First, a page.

Builders to take a hit as realty prices fall

Last updated: May 16 2007

    Real-estate developers could see their operating margins, fattened by a two-year housing boom, shrivel this year by half as property prices soften and consumers postpone buying decisions, according to a new report by multinational broking firm First Global.
    It is expected that the housing prices will fall by about 15%, which is in line with what some other analysts say they are expecting. Developer margins, which jumped from about 13% two years ago to about 40%, could drop to about 22% this year largely because fewer people can afford homes. Salaries have not kept up with real-estate prices and interest rate hikes, and investors are pulling out of the market, further reducing the pool of buyers and adding to the number of sellers.

    Residential units account for about 75% of the real-estate market and have a strong impact on developers’ profitability. Developers’ expansion plans could result in an oversupply of houses in some markets. Some 10 large Indian builders expect to construct about nine times as much as they built in the past by 2011. Residential prices since December have fallen by about 5-8% in major cities. Prices had been increasing by about 30% a year. It is predicted that the prices could drop by another 5% this year.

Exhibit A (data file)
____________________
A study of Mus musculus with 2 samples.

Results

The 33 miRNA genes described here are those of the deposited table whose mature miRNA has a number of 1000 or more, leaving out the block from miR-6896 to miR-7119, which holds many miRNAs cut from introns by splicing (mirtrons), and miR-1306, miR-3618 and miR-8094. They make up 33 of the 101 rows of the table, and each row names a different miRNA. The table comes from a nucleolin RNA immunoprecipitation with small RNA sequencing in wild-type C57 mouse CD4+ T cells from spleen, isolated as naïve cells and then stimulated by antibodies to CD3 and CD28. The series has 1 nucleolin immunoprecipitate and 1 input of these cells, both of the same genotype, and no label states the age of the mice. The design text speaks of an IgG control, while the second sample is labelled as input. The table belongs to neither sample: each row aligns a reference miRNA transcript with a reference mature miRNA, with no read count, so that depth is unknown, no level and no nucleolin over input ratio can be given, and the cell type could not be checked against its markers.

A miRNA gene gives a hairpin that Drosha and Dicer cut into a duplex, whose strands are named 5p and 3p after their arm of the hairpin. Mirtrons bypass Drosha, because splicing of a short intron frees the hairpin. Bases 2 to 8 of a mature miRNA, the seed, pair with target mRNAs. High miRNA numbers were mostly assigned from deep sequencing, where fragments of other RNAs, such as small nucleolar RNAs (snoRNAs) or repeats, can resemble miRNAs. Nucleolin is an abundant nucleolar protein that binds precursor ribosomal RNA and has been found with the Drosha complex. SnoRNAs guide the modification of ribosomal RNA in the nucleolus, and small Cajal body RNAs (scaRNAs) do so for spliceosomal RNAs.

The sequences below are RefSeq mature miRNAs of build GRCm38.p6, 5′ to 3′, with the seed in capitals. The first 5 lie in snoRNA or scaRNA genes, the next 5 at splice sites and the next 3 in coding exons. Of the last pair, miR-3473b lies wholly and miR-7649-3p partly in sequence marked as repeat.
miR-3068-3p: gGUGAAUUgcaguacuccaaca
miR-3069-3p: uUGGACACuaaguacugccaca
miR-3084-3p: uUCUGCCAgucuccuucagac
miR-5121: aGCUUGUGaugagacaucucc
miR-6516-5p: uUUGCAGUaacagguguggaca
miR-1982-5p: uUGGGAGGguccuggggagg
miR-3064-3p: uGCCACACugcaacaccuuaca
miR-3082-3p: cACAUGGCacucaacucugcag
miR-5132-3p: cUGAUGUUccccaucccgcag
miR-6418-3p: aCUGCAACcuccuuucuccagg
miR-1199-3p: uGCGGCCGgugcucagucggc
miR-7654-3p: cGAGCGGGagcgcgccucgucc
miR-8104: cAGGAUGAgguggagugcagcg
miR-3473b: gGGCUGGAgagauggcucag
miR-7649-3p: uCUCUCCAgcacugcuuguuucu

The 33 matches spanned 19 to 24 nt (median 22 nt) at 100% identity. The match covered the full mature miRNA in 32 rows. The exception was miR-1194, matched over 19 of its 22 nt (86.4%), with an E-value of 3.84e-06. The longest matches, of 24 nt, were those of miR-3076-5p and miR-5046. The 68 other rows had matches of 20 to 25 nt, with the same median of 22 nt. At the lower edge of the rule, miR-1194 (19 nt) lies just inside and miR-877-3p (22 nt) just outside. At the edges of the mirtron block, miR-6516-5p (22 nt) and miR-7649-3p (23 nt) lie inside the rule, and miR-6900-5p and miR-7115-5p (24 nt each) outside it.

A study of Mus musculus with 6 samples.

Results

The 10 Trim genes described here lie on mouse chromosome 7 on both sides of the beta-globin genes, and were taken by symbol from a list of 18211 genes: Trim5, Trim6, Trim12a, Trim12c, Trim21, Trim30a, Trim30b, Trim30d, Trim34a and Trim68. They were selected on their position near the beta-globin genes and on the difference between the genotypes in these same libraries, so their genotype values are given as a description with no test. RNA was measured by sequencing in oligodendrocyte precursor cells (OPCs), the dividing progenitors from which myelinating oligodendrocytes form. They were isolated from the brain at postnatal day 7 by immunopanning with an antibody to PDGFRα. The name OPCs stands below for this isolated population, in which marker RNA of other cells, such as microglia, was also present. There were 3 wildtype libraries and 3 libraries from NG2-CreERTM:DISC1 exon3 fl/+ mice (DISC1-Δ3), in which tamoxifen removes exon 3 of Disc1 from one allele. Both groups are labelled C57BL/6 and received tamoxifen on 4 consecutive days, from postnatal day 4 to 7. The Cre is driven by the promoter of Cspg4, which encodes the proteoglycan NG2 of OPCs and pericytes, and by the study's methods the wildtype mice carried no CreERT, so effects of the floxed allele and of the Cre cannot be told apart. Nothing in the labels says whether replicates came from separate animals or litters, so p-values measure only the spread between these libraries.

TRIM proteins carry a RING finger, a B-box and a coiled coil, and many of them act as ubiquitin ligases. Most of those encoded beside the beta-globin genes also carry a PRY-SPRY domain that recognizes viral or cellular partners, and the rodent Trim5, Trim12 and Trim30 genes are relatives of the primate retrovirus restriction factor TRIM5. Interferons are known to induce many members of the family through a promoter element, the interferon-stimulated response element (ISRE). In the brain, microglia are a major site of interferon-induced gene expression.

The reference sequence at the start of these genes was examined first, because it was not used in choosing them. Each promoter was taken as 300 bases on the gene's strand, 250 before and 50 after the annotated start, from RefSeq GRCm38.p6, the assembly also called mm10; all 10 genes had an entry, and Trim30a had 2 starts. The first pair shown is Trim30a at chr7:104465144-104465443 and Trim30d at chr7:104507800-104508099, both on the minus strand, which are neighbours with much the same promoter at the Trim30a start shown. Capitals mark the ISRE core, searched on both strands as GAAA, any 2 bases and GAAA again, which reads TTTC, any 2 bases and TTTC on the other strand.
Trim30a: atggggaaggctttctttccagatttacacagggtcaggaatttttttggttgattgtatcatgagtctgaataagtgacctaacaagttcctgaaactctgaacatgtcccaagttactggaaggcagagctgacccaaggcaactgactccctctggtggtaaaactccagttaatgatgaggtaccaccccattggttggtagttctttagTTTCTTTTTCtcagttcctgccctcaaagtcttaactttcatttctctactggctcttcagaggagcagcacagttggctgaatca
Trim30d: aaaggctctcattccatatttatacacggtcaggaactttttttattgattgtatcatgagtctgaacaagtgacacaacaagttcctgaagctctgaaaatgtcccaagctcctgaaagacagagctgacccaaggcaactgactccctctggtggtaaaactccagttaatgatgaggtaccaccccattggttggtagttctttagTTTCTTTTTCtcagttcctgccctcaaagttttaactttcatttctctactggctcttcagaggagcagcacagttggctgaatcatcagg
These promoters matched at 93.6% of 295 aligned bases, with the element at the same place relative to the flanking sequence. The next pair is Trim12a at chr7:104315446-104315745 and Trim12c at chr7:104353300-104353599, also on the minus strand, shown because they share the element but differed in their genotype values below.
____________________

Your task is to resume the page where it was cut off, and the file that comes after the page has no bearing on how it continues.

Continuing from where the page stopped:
Locations where there is too much supply, where there are too many projects planned, will see a correction, such as Delhi’s Gurgaon suburb, Navi Mumbai and Mumbai’s central suburbs, and the Outer Ring Road in Bangalore. Real-estate prices have dropped by 10-15% in some pockets of Ghaziabad, Noida, Gurgaon and Bangalore.

    The prices are softening in the suburbs where a large supply of homes is coming up. Small developers have already been hurt by the slowdown because they were expecting to finance projects by pre-selling houses. Larger developers have staying power and can more easily secure financing and stagger projects so they all don’t reach the market at once. It will impact everybody, but it should not be a major problem.

    Arvind Parakh, CEO of Omaxe Ltd, which is planning an initial public offering, said he expects a 15-20% drop in prices, but doesn’t see a rapid reduction in developers’ margins. It will likely be a few quarters before the slowing market is reflected in developers’ financial results. Sales revenues includes money that was collected from buyers long before the market showed signs of weakening. Omaxe also plans to offer incentives, such as kitchen and floor upgrades and extended pay schedules, to keep buyers interested in slow markets. It is keeping prices stable for now.